The New FDA-Approved COVID Treatment Only Works for These People

This helpful treatment can actually be harmful for some coronavirus cases.

Another step forward in the fight against coronavirus has been approved by the U.S. Food and Drug Administration (FDA) for emergency-use authorization. On Feb. 9, Eli Lilly's antibody treatment—bamlanivimab and etesevimab administered together—received approval. The treatment can be pivotal in helping people with COVID recover quickly. However, it's not for everyone. Keep reading to learn the uses and limitations of this coronavirus treatment, and to make sure you're staying healthy, If You're Over 65, You Could Be Missing This COVID Symptom, Study Says.

The new FDA-approved COVID treatment is only recommended for certain people.

Woman getting COVID antibody treatment

In order to receive this newly approved treatment, you need to fall into one of the groups outlined by Eli Lilly and the FDA. People who test positive for COVID and have mild to moderate symptoms or are at high risk for progressing to severe COVID or hospitalization are eligible for this treatment. Additionally, the FDA noted people can only receive the treatment if they are 12 years of age or older and weigh at least 88 pounds. And for more up-to-date information, sign up for our daily newsletter.

People who are already in the hospital are not eligible for the treatment.

Top view of doctor talking to covid-19 patient

While the treatment is suggested for preventative use for a patient who could be heading toward a severe case of COVID and hospitalization, the FDA explicitly notes that it's not be used on people who are already in the hospital. "Bamlanivimab and etesevimab are not authorized for patients who are hospitalized due to COVID-19 or require oxygen therapy due to COVID," the FDA says.

The treatment has not been studied on hospitalized COVID patients. Per the FDA, "Monoclonal antibodies, such as bamlanivimab and etesevimab, may be associated with worse clinical outcomes when administered to hospitalized patients with COVID-19 requiring high flow oxygen or mechanical ventilation." And for more ways to stave off a serious coronavirus case, This Common Medication Could Save You From Severe COVID, New Study Says.

The treatment reduces the risk of COVID-related hospitalizations and death by 70 percent.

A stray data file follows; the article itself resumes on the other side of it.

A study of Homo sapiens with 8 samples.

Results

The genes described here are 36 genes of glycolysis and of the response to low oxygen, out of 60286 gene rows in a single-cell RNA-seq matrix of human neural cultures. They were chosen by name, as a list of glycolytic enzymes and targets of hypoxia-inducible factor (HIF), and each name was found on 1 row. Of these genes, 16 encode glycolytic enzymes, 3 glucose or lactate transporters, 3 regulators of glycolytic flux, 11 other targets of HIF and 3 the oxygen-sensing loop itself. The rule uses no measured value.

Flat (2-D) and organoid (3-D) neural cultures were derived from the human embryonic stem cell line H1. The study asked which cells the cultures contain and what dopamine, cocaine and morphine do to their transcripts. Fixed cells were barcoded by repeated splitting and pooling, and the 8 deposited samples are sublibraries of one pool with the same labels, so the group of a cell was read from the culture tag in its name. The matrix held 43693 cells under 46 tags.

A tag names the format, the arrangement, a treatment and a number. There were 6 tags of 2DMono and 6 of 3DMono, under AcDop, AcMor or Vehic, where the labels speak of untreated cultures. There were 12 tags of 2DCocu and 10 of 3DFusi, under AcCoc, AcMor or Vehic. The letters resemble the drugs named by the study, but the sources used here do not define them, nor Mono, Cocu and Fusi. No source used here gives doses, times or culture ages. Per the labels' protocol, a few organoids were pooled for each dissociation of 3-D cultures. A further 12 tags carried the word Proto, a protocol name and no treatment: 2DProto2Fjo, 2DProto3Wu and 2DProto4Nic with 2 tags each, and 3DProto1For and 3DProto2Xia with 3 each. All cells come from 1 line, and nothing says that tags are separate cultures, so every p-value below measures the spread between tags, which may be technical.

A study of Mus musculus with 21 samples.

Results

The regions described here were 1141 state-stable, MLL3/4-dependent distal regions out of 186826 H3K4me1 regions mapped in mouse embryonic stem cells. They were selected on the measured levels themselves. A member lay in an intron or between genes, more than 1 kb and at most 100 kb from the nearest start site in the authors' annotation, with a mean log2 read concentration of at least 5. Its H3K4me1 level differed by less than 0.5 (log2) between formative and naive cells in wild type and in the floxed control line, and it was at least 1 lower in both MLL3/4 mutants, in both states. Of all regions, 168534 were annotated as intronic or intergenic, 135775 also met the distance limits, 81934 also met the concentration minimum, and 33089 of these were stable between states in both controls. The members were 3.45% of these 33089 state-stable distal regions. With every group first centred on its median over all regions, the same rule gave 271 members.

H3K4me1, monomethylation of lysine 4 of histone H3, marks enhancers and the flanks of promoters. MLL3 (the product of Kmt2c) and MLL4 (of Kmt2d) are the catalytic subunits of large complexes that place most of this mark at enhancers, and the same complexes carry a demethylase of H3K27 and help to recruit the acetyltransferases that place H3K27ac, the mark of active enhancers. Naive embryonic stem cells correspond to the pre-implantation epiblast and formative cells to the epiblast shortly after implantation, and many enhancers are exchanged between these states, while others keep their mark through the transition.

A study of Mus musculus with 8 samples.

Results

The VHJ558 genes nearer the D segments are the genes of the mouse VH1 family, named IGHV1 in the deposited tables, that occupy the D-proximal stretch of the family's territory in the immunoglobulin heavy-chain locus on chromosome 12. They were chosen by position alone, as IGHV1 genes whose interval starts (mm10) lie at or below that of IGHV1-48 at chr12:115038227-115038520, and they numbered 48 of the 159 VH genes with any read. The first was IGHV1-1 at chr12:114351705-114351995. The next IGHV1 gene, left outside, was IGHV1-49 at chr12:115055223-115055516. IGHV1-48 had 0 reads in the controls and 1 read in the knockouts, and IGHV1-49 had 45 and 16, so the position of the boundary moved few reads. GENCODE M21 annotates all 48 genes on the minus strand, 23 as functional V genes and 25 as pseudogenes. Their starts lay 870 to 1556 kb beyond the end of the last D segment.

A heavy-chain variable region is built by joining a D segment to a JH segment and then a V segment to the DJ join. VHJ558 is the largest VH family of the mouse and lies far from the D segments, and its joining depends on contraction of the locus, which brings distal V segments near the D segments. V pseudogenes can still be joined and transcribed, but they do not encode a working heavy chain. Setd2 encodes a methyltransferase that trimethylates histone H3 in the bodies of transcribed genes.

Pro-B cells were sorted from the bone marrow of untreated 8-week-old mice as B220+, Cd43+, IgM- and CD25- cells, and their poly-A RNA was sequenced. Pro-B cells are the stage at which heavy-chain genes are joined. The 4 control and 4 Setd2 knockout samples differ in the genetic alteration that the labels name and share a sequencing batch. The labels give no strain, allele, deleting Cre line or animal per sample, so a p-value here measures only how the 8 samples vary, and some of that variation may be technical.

young male doctor giving young female patient covid vaccine

Eli Lilly reported that a late-stage trial in January showed that their combination therapy helped reduce the risk of COVID-related hospitalizations and death by 70 percent.

The treatment will be available immediately. According to Eli Lilly, there are already 100,000 doses ready to go and an additional 150,000 doses to come throughout the first quarter. The company plans to manufacture up to one million doses by mid-2021. And for more on your coronavirus risk, If You've Done This, You're Twice as Likely to Develop Severe COVID.

And it's just one shot.

COVID vaccine

The treatment is administered in a single shot that's a combination of bamlanivimab and etesevimab. The FDA reports that when administered, it significantly reduces COVID-related hospitalizations and deaths in the following 29 days as compared with a placebo.

The treatment uses monoclonal antibodies, which are "laboratory-made proteins that mimic the immune system's ability to fight off harmful pathogens such as viruses." Bamlanivimab and etesevimab are specifically targeted to work against the spike protein in COVID by blocking the virus' ability to attach and enter into human cells. And for more ways to stay healthy, These 3 Vitamins Could Save You From Severe COVID, Study Finds.

Best Life is constantly monitoring the latest news as it relates to COVID-19 in order to keep you healthy, safe, and informed. Here are the answers to your most burning questions, the ways you can stay safe and healthy, the facts you need to know, the risks you should avoid, the myths you need to ignore,and the symptoms to be aware of. Click here for all of our COVID-19 coverage, and sign up for our newsletter to stay up to date.